How The Guardian redesigned its mobile site

The newspaper's Marcus Austin explains the pitfalls to avoid

Guardian Mobile

When The Guardian finally relaunched its mobile site a couple of months ago, it created quite a buzz.

Marcus Austin, the newspaper's mobile product manager, talked .net magazine through the project

.net: Why did it take so long for The Guardian to relaunch its mobile site?

Marcus Austin: For the last nine years people – normally people in the mobile industry – have pronounced that this was the "year of mobile". In 2008, The Guardian decided that it finally was the year of mobile.

The catalysts for this change were the iPhone and the unlimited mobile connections. The launch of the iPhone in '07 was a definite contributing factor: its simple UI and the ability to show good quality images made it a real door opener. Plus mobile internet packages like T-Mobile's Web 'n' Walk helped push the idea of a mobile internet into the public's mind.

.net: What devices and platforms are supported?

MA: The aim was to make work for all devices and all platforms. The idea was to give users the best experience we could. We wanted the lowest spec mobiles to be able to view the site, as well as smartphones, Sony PSPs, mobile internet devices, UMPCs (Ultra mobile PCs), MIDs (Mobile Internet Devices) and Eee PCs. When you enter, the site identifies the device you use from a database of thousands of devices and formats the screen correctly.

.net: How did you get involved in the project?

MA: I did a presentation on "why The Guardian needs to go mobile" to a couple of the directors in early 2008 and I was taken on in June 2008.

.net: What was your mobile strategy?

MA: User experience was key, and part of that was the desire to provide as full a version of The Guardian as we could. The perception for most users is that a mobile site is just the main site but on a smaller screen, and we wanted that to be the case.

We also wanted the user to be able to read an article from the newspaper, and the main site, at breakfast or at work, and to be able to continue to read that article on their mobile on the train on the way to work or in the coffee shop at lunchtime. The Guardian mobile site accesses data from over 60 sections of the full site, and we're doing some work to expand that range even further.

.net: Who helped you create the site? Why did you choose Bluestar Mobile to build it?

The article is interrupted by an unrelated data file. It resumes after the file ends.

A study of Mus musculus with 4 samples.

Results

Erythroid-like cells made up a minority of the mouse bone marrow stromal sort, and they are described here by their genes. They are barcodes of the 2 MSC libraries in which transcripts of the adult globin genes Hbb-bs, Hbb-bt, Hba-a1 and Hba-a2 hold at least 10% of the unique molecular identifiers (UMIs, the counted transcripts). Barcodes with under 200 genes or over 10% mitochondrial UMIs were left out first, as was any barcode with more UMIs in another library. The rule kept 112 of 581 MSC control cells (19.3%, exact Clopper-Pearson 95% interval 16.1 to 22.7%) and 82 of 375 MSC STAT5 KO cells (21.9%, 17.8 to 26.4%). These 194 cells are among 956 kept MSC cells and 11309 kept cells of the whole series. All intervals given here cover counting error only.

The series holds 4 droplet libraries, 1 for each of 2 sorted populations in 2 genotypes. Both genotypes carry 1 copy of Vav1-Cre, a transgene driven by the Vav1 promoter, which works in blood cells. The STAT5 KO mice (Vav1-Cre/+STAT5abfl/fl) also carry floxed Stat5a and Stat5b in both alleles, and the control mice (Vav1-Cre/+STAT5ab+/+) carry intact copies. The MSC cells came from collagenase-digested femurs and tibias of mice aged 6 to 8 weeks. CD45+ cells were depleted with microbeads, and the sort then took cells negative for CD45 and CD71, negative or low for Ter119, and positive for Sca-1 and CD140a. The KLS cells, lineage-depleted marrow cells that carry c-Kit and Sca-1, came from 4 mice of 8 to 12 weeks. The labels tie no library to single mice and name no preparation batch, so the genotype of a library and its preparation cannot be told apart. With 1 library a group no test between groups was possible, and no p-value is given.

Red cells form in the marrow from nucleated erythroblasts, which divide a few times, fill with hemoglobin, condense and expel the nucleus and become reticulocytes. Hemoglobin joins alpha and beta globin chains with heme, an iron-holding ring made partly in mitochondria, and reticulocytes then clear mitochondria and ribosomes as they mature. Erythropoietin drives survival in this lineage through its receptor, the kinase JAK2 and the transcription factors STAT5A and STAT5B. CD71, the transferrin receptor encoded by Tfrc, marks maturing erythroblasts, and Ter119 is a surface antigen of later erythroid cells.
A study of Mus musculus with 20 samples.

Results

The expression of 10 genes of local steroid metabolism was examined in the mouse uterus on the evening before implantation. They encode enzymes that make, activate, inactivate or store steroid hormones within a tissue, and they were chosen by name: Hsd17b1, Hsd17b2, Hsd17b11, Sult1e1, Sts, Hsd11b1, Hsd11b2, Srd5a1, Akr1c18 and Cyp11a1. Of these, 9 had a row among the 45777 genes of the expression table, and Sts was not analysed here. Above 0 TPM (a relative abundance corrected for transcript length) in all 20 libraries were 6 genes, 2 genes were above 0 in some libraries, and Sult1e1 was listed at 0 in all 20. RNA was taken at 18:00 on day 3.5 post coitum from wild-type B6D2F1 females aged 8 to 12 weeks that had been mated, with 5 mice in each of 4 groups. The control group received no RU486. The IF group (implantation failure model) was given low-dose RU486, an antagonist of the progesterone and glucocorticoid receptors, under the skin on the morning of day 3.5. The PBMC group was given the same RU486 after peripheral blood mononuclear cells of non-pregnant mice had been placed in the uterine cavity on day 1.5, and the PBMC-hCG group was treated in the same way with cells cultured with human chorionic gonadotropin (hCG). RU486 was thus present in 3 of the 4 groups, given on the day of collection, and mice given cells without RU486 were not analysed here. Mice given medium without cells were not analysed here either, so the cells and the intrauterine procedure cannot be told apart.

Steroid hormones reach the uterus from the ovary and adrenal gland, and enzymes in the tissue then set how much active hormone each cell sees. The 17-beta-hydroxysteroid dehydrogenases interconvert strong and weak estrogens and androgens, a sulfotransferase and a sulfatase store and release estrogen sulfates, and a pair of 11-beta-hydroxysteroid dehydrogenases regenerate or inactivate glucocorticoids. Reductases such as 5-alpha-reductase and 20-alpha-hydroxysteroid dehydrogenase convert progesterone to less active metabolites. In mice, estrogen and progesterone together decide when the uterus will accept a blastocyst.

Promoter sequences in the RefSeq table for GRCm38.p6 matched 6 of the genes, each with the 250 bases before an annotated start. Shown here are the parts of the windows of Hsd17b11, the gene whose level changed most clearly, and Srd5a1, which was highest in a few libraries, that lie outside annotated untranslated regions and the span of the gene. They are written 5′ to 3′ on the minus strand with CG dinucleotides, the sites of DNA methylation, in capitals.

MA: We chose Bluestar Mobile because of their pedigree of mobile site building and because they were experts in using the MobileIQ Fabric portal, which underpins the mobile site. MobileIQ's platform is incredibly powerful and enabled us to build the site in a tenth of the time.

.net: What were the main challenges?

MA: Time. We had two and half months to build the site and get hundreds of thousands of pages of information onto a micro-miniature piece of screen real estate. The final challenge was managing expectations. Mobile site building is all about compromises: you'll never get complete buy-in from everyone. We all have mobile phones and we're all experts in what we think a mobile site should provide.

.net: How is the site funded? What did you do in terms of advertising on the site?

MA: The site is advertising funded. We have sponsored sections: the football scores and fixtures results section is sponsored by William Hill, and we serve banner ads to the site through 4Th Screen. We also have Google AdSense on each page.

.net: What's next for mobile and The Guardian?

MA: I think we all have a lot to learn about how we work with touchscreen devices and small screens. We're all very familiar with building for broadband and big screens with keyboards and mice, but the mobile world is still uncharted territory. I see there being very close parallels to the way the internet took off: in mobile we're still back in the late '90s.

We have early adopters, who understand the limitations of the mobile internet using the mobile equivalent of 56K modems, and what we're waiting for is the ISPs – in mobile's case it's the network operators – to give us simple to use, broadband connection, for a fixed monthly cost.

We're also looking for an everyman device: while the iPhone is an excellent product it's in no way a mass-market device. Devices like the INQ from Three and the just-announced ZTE Vairy touch handset from T-Mobile UK are potential devices to fill that slot.